Being diagnosed with breast cancer is super-scary. I still remember how I felt when I heard the news that I had cancer. It was as if I was punched in the stomach. On one hand, I could not even believe it, and I felt like it wasn’t really happening. But on the other hand, I could hardly breathe, my heart rate shot up, and my whole body went into stress mode. It was happening, alright.
I was diagnosed with HER2/neu positive breast cancer in 2006, at the age of 37. It was news to me that there are different types of breast cancer, and that each different type has a different suite of treatments associated with it. I soon found out that HER2/neu is a particularly aggressive form of breast cancer, and that it tends to strike younger patients such as myself.
It wasn’t long before I realized that I needed to find other women who could help me get through this. I joined a support group at the hospital, but they only met twice a month, and I knew I was going to need a lot more support than that. So I turned to an online community comprised of women in various stages of diagnosis and treatment. They were able to point me to many resources, they knew what questions to tell me to ask, they were able to advise and empathize, and most importantly, they really, really understood what I was going through. There are many helpful people out there, and I am grateful to every person who helped me along my treatment path because they each played an important role in my recovery, but it was the women who had been through it before, or who were going through it with me at the time, that were an amazing source of comfort and strength.
You can read more about my story and link to other survivor stories HERE.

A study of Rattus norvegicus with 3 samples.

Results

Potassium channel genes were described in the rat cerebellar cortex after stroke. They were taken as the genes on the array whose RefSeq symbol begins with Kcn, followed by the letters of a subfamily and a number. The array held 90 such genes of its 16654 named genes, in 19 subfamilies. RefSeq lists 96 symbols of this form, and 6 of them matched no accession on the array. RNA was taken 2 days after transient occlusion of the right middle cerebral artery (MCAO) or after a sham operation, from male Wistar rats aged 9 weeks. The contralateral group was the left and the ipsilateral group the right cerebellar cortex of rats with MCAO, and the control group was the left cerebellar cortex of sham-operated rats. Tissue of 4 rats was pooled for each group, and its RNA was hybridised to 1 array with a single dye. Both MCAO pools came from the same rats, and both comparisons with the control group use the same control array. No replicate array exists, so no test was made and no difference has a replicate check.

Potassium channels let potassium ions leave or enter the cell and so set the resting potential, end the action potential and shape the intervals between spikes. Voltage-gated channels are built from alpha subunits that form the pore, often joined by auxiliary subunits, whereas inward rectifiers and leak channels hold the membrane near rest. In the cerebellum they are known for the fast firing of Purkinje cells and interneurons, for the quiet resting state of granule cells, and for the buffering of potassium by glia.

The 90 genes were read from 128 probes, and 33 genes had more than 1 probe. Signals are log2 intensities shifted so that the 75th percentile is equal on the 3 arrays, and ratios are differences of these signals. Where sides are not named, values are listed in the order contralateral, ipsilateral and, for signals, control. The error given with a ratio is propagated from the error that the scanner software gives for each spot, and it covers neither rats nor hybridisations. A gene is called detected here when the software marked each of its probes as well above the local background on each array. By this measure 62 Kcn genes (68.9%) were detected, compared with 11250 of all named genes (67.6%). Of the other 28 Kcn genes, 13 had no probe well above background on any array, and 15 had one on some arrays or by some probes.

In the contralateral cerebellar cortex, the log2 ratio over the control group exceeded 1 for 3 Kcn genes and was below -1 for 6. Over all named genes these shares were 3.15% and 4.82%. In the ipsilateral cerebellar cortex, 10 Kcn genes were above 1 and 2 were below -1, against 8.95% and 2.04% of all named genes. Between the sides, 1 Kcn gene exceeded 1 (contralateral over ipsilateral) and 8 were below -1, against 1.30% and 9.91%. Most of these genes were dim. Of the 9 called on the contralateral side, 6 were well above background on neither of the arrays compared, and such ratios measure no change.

If you have been diagnosed with breast cancer, one of the first things you need to do is get yourself connected with women who can help. The best place to do that is a support forum run by the No Surrender Breast Cancer Foundation. The women there can truly help you and provide you with vital information, as well as understanding and support. There is also an associated website that provides crucial information on treatments and practical tips for getting through, emotionally as well as physically.
Follow these links to get through your breast cancer:
I am sharing the pictures below to help illustrate that life is not over after diagnosis! You are still you, and even though the cancer may become a big part of your life while in treatment, chance are you will still be able to enjoy activities and friends and family much of the time!
I also invite you to reach out directly to me if you wish, by emailing me at kristin(at)dizzybusyandhungry(dot)com.
I am happy to help in any way I can. I have been through surgery, 6 months of chemo, 2 months of radiation, 1 year of herceptin treatments and ongoing anti-estrogen medication, and I am happy to share any of my experiences that might be helpful.
What I really want you to understand, though, is this... I am not especially brave, or strong, or resilient. I am a typical daughter, sister, aunt, friend, wife, and mother. So if I can get through breast cancer diagnosis and treatment, you can too! Hopefully you have a good support system in place to help you through, but whether you do or not, please visit the No Surrender Breast Cancer Foundation site for information and women who really understand. You will be glad that you did!